Nature groups press court to unseal atrazine documents in Syngenta case
BENTON – Nature groups want U.S. District Judge Phil Gilbert to unseal documents about weed killer atrazine that Magistrate Judge Phil Frazier wouldn't unseal.
On Aug. 25, the Environmental Law and Policy Center and the Prairie Rivers Network appealed a decision Frazier reached in favor of atrazine maker Syngenta Crop Protection.
The lawyer for the groups, Howard Learner of Chicago, urged Gilbert to vacate an order protecting documents Syngenta provided to lawyer Stephen Tillery of St. Louis.
Frazier rejected their plea on Aug. 11, finding the protective order complies with relevant authority allowing a level of secrecy when litigants exchange information.
Learner wrote in his appeal to Gilbert that the definition of confidential information in the order is impermissibly broad.
"Second, the protective order entered in this case is also defective because it does not explicitly provide that all of the parties and any interested member of the public may challenge the sealing of the documents," he wrote.
"Although secrecy may be permissible during discovery, entirely different standards govern documents that have been filed in court and made part of the judicial record," he wrote.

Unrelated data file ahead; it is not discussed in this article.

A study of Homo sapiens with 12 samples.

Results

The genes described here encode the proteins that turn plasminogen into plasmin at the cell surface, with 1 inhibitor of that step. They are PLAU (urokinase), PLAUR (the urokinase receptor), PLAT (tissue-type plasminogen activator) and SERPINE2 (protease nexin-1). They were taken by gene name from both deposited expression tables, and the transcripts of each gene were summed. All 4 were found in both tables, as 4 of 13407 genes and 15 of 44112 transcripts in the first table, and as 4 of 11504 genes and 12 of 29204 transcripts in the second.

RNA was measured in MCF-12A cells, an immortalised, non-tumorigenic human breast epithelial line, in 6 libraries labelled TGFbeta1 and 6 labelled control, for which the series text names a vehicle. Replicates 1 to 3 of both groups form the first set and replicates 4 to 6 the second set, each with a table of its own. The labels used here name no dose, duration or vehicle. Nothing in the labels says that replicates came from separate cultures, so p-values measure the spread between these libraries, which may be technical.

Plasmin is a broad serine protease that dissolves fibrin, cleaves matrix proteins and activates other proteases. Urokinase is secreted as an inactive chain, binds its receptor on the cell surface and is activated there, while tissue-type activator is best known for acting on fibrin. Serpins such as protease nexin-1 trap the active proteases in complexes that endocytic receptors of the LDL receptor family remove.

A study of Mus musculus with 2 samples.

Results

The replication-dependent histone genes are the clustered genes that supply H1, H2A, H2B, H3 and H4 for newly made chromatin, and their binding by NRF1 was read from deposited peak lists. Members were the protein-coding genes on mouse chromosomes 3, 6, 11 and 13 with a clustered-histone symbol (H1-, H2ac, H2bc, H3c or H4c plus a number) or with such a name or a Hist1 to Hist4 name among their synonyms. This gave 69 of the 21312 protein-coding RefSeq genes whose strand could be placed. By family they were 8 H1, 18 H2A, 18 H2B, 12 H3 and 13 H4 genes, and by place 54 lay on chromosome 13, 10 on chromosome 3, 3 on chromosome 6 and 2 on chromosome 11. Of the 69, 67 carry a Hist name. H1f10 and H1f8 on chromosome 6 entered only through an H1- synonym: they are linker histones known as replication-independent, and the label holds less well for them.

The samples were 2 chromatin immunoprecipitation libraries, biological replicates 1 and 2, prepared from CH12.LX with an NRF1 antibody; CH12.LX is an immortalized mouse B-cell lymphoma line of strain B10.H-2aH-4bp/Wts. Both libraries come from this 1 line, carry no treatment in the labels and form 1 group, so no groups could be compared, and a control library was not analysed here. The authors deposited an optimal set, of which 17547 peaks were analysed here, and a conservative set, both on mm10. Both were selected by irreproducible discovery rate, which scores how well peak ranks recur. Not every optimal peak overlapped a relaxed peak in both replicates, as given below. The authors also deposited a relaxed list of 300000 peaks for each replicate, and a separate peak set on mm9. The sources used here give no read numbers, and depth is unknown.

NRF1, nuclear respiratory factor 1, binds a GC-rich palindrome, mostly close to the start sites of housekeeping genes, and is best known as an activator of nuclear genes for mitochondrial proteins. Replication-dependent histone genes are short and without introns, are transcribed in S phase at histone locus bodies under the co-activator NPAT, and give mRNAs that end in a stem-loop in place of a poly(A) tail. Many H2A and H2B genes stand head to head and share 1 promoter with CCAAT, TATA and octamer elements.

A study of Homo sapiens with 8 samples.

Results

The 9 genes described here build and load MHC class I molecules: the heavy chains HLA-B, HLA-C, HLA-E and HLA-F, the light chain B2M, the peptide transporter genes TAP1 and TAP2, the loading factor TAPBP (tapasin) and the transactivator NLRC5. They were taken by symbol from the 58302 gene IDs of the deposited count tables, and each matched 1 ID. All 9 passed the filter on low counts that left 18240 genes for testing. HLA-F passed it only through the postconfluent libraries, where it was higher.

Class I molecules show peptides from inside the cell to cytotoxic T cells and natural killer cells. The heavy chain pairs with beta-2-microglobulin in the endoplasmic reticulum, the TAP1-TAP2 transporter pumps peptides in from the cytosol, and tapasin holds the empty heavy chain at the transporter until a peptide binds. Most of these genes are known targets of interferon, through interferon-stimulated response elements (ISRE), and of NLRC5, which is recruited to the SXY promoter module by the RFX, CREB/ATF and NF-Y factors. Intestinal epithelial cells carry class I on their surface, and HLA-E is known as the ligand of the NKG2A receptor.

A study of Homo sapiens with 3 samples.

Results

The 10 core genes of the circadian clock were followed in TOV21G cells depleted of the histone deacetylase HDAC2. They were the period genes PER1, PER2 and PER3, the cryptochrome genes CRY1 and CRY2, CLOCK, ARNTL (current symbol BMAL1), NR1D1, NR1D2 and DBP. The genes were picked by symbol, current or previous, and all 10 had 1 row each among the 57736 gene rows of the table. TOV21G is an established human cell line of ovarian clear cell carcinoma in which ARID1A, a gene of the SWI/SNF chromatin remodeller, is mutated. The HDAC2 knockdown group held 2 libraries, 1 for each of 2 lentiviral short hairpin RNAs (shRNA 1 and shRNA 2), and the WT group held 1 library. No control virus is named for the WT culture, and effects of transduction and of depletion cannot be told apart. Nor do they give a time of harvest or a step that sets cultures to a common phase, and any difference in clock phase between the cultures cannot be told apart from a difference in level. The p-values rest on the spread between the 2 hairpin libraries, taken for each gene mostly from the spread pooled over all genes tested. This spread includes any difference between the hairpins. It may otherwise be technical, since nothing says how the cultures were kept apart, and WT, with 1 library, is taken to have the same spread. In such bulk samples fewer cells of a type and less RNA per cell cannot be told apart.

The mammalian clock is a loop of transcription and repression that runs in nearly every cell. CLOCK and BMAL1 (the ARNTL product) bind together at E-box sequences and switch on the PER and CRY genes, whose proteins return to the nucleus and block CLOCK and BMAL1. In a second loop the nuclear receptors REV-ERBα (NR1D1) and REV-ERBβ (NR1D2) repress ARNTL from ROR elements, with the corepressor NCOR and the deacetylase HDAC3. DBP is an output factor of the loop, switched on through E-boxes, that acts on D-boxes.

The center and the network act as intervenors in a suit Tillery filed on behalf of public and private water suppliers in six states.
Along with challenging the protective order, they moved to unseal specific documents.
Gilbert denied the specific motion, and Learner moved for reconsideration on Aug. 2.
Tillery seeks judicial declarations that atrazine harms water in any concentration and that Syngenta must pay for its complete removal from water supplies.
Earlier this month, he denied trying to undermine federal standards finding atrazine safe up to three parts per billion.
He wrote that suppliers have a right, not an obligation, to remove it completely.